U.K.-based Wessex Asset Management is taking a dive into the water sector. The firm began trading in its Wessex Global Water Fund, an equity long/short vehicle, in January, with some $13 million in assets. It has since doubled in size, and returned an estimated 3.5% through March.
Tim Weir, Wessex’s CEO and investment director, says he looks to capitalize on the increasing demand for water worldwide. “I think this sector is going to have a lot of money spent on it in the next decade, and that’s fairly obvious whether you’re looking at India, China, the U.S. or Western Europe,” he says. “Urbanization, economic growth and population growth is significantly increasing the demand for water and the supply side has got to respond, and that means money. The infrastructure in most of Asia doesn’t really exist and the infrastructure in Western Europe and North America is about 100 years old.”
Also, Weir said the water sector has excellent pricing power because it is a “commodity for which there is no substitute.” He estimates that the global market cap for water concerns is between $350 billion to $400 billion market cap, 15% of which is in Asia. “We’ve got a target of 50% in Asia and as of now two-thirds of our portfolio is in Asia just because that’s where the growth is fastest and the valuations are most compelling,” he said.
The bulk of the fund’s investments are in Singapore-listed concerns, followed by listings in Hong Kong. However, Weir is shying away from Shanghai-listed companies because he’s not comfortable with the market risks associated with investing in the region.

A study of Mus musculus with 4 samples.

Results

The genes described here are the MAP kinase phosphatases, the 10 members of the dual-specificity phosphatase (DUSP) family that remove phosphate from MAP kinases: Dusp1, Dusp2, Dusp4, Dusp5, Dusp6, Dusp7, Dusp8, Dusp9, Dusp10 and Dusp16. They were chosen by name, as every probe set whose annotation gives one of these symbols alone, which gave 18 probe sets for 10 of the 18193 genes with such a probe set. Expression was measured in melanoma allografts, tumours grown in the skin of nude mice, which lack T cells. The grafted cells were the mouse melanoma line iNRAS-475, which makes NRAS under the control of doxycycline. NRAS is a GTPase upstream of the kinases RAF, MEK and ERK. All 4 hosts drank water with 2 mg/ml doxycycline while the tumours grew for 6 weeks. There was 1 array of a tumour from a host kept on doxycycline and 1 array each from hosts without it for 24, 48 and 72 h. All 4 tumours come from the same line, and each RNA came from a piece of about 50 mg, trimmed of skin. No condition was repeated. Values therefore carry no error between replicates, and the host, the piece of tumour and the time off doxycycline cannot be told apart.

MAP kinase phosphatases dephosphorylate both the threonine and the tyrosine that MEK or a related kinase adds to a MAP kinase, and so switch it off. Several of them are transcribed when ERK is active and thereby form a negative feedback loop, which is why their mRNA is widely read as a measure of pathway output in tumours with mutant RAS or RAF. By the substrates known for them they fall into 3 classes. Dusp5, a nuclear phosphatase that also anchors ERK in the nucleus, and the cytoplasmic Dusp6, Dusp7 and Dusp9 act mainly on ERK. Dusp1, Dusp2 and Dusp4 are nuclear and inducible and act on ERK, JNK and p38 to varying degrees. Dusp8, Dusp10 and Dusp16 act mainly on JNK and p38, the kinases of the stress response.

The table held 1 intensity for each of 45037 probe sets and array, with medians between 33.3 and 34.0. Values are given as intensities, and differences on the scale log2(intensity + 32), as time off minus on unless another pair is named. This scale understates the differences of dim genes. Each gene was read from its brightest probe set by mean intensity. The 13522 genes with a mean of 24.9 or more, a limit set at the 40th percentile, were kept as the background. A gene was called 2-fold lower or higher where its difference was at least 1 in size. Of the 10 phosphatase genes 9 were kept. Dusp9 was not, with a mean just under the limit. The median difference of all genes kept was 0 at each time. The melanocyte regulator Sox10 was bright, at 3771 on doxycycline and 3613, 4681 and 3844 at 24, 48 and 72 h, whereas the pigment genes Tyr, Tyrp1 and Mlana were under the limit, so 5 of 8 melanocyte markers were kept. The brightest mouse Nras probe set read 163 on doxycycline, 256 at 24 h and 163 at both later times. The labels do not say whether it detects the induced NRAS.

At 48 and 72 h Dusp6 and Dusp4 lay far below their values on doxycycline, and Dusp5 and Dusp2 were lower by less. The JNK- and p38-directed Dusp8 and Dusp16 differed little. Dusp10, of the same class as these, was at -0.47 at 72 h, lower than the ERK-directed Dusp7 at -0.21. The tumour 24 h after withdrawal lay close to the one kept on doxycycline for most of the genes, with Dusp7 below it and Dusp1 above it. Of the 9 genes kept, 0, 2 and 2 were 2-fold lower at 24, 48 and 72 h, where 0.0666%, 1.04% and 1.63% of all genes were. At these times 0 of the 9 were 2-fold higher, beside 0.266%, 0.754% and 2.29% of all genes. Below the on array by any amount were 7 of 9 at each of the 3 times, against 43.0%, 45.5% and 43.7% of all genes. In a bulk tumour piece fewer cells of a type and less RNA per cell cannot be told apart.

If Wessex is so bullish on the sector, then why didn’t it just launch a long-only fund? “Some companies are not going to make it however good the macro case is and that’s particularly the case in China,” Weir explained. “There were a number of cases in china in the 1990s where independent foreign-owned power producers were going to make 15% returns selling power to the Chinese government, and it never really happened. So there will be companies that understand how to build water plants but can’t necessarily operate profitably in China."
Weir said the fund’s mandate of investing in growth companies in Asia as well as more liquid, bigger water utilities in the West limits the fund’s capacity to between $250 million to $350 million. The fund charges 1.5% for management and 20% for performance, with a $500,000 minimum investment requirement.
Wessex’s next offering could be a gold hedge fund, according to Weir, who said, “We’ve got a resources fund, which has a big gold component, and that’s done really well. There are clients who want pure gold exposure and we could certainly do that.” Wessex also runs an Asian equity long/short fund. All told, the firm manages $434 million in total assets among the three strategies.